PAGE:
A recent spate of construction workplace deaths in Alberta, Canada has prompted strong backlash from both industry members and the public.
Five workers have died over the past week. The news of the high death toll comes after a series of highway construction deaths across North America, sparking doubt over safety standards as they pertain to increased industry activities.
The first of the five incidents involved the death of a 56-year-old man who was standing on scaffolding that rolled into a 1.2 metre hole. The man was taken to hospital last Monday, but died that Thursday.
Later last week, another worker was pinned between a forklift and shed on Wednesday, with the victim later dying in hospital. A third worker was killed on Thursday after falling inside a chimney stack. That same day, a 19-year-old man was pronounced dead after being crushed by a ramp. A fifth fatality involved the death of a 29-year-old man, who was also crushed by a heavy piece of machinery on the Friday.
The succession of deaths has shocked and devastated all involved.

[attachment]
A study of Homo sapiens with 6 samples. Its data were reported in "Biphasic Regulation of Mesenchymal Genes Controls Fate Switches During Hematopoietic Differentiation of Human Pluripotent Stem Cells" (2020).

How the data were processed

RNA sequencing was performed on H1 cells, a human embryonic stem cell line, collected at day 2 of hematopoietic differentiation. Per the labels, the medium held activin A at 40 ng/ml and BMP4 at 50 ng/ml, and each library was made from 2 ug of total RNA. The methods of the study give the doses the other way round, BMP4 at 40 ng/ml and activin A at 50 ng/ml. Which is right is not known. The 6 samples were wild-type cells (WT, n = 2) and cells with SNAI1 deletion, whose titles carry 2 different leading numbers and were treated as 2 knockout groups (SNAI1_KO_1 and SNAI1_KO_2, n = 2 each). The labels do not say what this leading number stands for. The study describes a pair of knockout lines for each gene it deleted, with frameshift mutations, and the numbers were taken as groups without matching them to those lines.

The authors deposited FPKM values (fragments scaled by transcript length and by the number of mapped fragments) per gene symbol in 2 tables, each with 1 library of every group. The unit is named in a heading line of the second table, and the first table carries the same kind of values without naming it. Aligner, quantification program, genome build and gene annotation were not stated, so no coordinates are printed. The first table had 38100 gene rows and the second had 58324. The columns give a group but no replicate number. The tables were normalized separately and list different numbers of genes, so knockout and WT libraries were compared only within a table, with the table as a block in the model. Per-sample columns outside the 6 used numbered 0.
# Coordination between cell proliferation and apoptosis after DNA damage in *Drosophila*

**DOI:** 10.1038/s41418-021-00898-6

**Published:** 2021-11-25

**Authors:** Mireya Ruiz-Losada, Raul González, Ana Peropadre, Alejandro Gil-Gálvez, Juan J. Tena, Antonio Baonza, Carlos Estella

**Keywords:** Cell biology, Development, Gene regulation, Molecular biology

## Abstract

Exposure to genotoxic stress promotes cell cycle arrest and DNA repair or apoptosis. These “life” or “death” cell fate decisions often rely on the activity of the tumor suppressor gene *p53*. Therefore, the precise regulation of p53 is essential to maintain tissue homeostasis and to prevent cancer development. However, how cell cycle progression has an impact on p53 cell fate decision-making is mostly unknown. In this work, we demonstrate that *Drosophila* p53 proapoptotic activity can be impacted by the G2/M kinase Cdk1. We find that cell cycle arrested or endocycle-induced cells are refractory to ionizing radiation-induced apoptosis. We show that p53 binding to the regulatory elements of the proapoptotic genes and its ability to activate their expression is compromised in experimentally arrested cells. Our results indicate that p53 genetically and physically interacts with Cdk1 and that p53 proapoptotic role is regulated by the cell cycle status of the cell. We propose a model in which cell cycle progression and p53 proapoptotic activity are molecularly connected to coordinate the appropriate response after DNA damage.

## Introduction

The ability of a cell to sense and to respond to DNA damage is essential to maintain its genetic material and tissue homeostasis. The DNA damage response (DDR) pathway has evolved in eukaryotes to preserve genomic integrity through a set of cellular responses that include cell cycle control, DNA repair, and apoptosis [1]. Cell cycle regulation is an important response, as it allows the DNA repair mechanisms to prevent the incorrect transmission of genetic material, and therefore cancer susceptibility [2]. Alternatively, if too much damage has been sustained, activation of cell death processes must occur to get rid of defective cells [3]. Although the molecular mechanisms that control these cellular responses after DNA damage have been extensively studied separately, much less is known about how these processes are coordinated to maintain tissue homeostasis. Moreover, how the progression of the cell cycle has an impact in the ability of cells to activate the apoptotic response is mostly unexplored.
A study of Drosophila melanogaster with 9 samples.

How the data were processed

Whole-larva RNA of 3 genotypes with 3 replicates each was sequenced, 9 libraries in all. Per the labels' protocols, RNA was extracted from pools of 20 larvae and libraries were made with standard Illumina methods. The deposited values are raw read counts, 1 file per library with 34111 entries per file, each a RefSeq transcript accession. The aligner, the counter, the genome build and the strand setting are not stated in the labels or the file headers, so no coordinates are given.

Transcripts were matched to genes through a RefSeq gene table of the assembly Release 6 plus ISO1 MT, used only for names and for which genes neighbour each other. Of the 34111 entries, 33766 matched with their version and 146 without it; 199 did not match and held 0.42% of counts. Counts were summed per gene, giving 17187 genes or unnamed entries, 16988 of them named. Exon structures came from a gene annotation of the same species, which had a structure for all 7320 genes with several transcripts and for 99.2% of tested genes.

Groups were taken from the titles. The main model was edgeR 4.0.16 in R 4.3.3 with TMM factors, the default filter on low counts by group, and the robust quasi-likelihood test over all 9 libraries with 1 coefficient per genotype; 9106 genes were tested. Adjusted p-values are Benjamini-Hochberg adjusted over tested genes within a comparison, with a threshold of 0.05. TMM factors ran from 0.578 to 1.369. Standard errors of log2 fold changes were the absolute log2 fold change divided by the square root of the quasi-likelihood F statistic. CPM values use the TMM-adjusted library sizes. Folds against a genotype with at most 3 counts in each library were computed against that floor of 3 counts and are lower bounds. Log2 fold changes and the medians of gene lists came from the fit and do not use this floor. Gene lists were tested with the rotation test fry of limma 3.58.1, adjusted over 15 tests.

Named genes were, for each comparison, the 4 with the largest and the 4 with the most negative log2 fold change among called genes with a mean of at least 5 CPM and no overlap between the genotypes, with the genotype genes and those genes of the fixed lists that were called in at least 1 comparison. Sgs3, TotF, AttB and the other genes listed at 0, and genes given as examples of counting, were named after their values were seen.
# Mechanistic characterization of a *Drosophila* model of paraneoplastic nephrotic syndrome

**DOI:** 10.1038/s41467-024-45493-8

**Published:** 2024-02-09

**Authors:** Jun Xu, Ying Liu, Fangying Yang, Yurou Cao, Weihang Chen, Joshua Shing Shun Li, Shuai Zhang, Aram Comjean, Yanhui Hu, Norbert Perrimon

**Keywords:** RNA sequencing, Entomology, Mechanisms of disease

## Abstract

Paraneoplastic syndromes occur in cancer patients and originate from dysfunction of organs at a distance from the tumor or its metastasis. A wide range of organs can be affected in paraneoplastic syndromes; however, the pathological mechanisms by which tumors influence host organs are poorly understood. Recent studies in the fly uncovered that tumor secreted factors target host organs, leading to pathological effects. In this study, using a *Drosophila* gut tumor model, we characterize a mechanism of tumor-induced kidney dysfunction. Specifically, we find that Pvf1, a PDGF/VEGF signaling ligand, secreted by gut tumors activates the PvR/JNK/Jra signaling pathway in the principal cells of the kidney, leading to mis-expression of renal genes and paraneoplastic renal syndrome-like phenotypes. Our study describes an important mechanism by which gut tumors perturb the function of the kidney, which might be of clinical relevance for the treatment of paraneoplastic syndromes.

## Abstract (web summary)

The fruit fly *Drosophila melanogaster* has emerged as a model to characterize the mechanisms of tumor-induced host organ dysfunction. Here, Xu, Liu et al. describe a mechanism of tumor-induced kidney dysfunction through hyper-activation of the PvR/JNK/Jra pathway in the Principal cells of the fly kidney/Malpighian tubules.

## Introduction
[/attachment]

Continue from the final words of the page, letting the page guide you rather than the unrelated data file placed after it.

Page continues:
According to Occupational Health and Safety spokesperson Brookes Merritt, the incidents amounted to ‘a very tragic coincidence’.
“Any time we see a fatality at the workplace it’s tragic,” he says. “Investigating this number of fatalities in such a short period of time is equally tragic, if not more so.”
Alberta Federation of Labour president Gil McGowan, however, disagrees that the rapid-fire nature of the deaths could be written off as coincidence. McGowan says the unprecedented death toll is a sign of much-needed industry OH&S improvements, labelling the fatalities a ‘red waving flag’ for leadership safety inquiries.
“Five fatalities in a week, even in a face-paced economy like this, is almost unprecedented, and certainly unacceptable,” says McGowan. “It demonstrates there is still a lot of work to be done.”
As it stands, a series of investigations are now underway. According to Merritt, the recent accidents are a major launching pad for occupational health and safety education that seeks to deter incidents such as these happening in the future.
“Our Occupational Health and Safety investigators are determined to investigate each incident rigorously and ensure that the results of this investigations help us learn how to prevent similar incidents in the future,” says Merritt. “The department is continuously looking at how best to use its resources to achieve its ultimate goal — to have no workplace injuries or fatalities in the province.”